The television show "Modern Family" is a huge hit. In fact, it was just named the most-watched TV comedy series in the world at the 54th Monte-Carlo TV Festival.
Both Gov. Mitt Romney and President Obama in the 2012 campaign said they enjoyed watching it.
So, recently, I took time to watch a couple of episodes. Although Hollywood can be counted on for clever lines and a cool “gay” couple, the part of the show that bothered me was the character portraying the dad in the traditional, intact family.
He is an idiot who contributes basically nothing to the family except maybe money. He is basically in the way.
Unfortunately, this portrayal of dads from Hollywood is the norm. Unless there are two of them in the family, the message is that dads are superfluous. Single motherhood is rarely seen as unfortunate and hard. In other words, reality’s gone AWOL.
We all know the sad stats. Any sociologist worth their elbow-patched sweater will tell you that a good dad sets kids up for success, and an absentee one makes life much harder for kids.
Yes, there are deadbeat dads, and God will judge them accordingly, but I want to applaud all the other ones. To the good men out there who make our lives better and bless their children by actions and example, I say, “Thank you!”
This Father’s Day, let’s take a minute to acknowledge good men.
I am thankful for so many things, but specifically for my husband, Will. It is only with his help that I have been able to be both a mom and pursue the work that God has called me to do in the arena of public policy.
In spite of his own challenging career, he has never devalued anything that I was doing, regardless of the size of my paycheck — and even when there was none at all. And, most importantly to me, he is a loving and dedicated dad to our children.
As a dating twenty-something, I didn’t really have on my list of ideal attributes for a mate “great daddy material.” “Funny … Christian … handsome.” Those were on the list, but looking back, I shared a common blind spot with my lady friends.
Thankfully, God was looking out for me on that one. In fact, now that I work in an office with young, single women, I try to mention this oversight on occasion, because giving your children a good father is one of the most important gifts we can give them.
I was reminded of this recently, when my husband returned from a “men’s” weekend away in celebration of our son’s 13th birthday with three of my son’s gangly, even smelly, but cute friends.
My husband patiently spent a long weekend hosting, entertaining, watching out for, and cheering on my son and his friends.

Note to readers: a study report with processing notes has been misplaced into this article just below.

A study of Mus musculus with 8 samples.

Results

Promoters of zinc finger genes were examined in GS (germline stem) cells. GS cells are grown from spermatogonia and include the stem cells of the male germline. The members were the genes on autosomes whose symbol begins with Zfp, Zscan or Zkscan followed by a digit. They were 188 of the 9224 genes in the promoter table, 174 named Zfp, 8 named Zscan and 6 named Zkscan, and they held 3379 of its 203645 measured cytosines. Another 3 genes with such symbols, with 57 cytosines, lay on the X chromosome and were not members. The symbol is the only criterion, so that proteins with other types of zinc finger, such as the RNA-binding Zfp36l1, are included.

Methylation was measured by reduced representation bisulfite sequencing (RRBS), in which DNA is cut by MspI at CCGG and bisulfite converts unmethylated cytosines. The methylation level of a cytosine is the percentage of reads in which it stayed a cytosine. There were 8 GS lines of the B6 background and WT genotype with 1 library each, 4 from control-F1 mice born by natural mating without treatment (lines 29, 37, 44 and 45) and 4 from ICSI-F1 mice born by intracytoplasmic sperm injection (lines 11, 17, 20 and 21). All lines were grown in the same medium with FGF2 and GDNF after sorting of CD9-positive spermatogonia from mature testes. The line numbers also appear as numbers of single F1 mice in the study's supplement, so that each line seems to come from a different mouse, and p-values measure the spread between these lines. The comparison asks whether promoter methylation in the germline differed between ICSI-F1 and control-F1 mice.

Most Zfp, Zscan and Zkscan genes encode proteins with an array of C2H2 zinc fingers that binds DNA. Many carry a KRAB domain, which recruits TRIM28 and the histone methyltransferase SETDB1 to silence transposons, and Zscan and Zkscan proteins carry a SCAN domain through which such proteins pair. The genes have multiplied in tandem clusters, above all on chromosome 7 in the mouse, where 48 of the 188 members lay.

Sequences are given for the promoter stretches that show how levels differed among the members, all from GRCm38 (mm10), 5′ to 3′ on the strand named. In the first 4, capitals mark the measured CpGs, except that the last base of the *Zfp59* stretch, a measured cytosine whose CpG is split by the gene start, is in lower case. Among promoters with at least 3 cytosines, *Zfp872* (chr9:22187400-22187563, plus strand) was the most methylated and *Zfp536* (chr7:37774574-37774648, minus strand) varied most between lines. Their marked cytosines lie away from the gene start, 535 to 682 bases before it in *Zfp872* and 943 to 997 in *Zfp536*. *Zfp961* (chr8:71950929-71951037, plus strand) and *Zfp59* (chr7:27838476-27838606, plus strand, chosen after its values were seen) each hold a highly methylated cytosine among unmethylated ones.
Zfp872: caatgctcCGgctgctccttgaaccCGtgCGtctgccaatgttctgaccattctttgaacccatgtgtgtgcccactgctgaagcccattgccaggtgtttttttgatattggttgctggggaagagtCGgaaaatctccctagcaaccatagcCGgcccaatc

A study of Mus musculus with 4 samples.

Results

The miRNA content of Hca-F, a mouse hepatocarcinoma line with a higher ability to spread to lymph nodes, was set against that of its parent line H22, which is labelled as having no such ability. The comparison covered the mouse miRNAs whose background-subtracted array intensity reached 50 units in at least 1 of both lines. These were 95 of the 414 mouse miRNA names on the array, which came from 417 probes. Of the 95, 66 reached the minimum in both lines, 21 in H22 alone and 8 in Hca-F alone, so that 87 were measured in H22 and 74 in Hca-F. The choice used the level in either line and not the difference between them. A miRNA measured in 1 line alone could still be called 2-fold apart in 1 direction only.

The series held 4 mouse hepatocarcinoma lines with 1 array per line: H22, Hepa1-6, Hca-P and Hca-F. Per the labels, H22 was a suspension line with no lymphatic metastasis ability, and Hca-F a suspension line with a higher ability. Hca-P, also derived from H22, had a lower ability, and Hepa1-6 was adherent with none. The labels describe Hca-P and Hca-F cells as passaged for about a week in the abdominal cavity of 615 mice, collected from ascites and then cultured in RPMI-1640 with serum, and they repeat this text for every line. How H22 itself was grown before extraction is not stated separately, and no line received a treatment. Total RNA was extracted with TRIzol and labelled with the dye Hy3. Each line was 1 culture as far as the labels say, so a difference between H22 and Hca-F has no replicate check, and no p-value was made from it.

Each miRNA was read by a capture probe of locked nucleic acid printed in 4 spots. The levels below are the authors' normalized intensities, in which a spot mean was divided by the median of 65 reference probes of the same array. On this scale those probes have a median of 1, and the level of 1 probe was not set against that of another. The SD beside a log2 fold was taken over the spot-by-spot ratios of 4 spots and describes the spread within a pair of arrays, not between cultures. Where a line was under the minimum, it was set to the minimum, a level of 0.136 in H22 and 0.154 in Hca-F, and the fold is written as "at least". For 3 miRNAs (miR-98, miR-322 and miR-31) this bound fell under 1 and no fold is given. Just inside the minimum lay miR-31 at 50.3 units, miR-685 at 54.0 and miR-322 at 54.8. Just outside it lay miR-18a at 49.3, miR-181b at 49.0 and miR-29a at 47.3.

As sweet and wonderful as my son is, budding teens are not the best company in the world. Will’s time was selflessly spent. He came back exhausted but full of praise for four young men who will one day be dads themselves.
His example helps my son and his friends see first hand what being a good man looks like. A good man loves his family, and he works hard to provide for them.
And my husband isn’t alone. As I watch my friends and the husbands of Concerned Women for America’s (CWA) leaders, I essentially see the same story over and over.
These men are faithful and supportive husbands and dads. My friend Cynthia’s husband, John, came to dinner last night with a hoarse voice, because he spent all weekend coaching a tournament for his eight-year-old’s soccer team. They have four kids; the eight-year-old was adopted from Guatemala. John was exhausted, but rallied for church and to take his wife to dinner.
Noble? Absolutely! These men, quietly doing what’s right every day, with thanks often unsaid and enduring the pressures of life, are noble.
And just as noble are the myriad of men — stepdads, grandfathers, and men of the church — who step in the gap for the young men in their lives who have no father figure for one reason or another.
We don’t really talk about any of them very much. It’s the rakes that get all the press. (I should add that the noble men labor along equally noble women who chose their mates wisely. Good job, girls!)
And to all CWA’s beautiful, single members, add “great daddy material” to the list. Choose your spouse wisely. You may not just be choosing for yourself but for several other people, too. Good news: these men still exist!
Penny Young Nance is president and CEO of Concerned Women for America, the nation’s largest women’s public policy organization. She is the author of the book "Feisty and Feminine: A Rallying Cry for Conservative Women" (Zondervan 2016).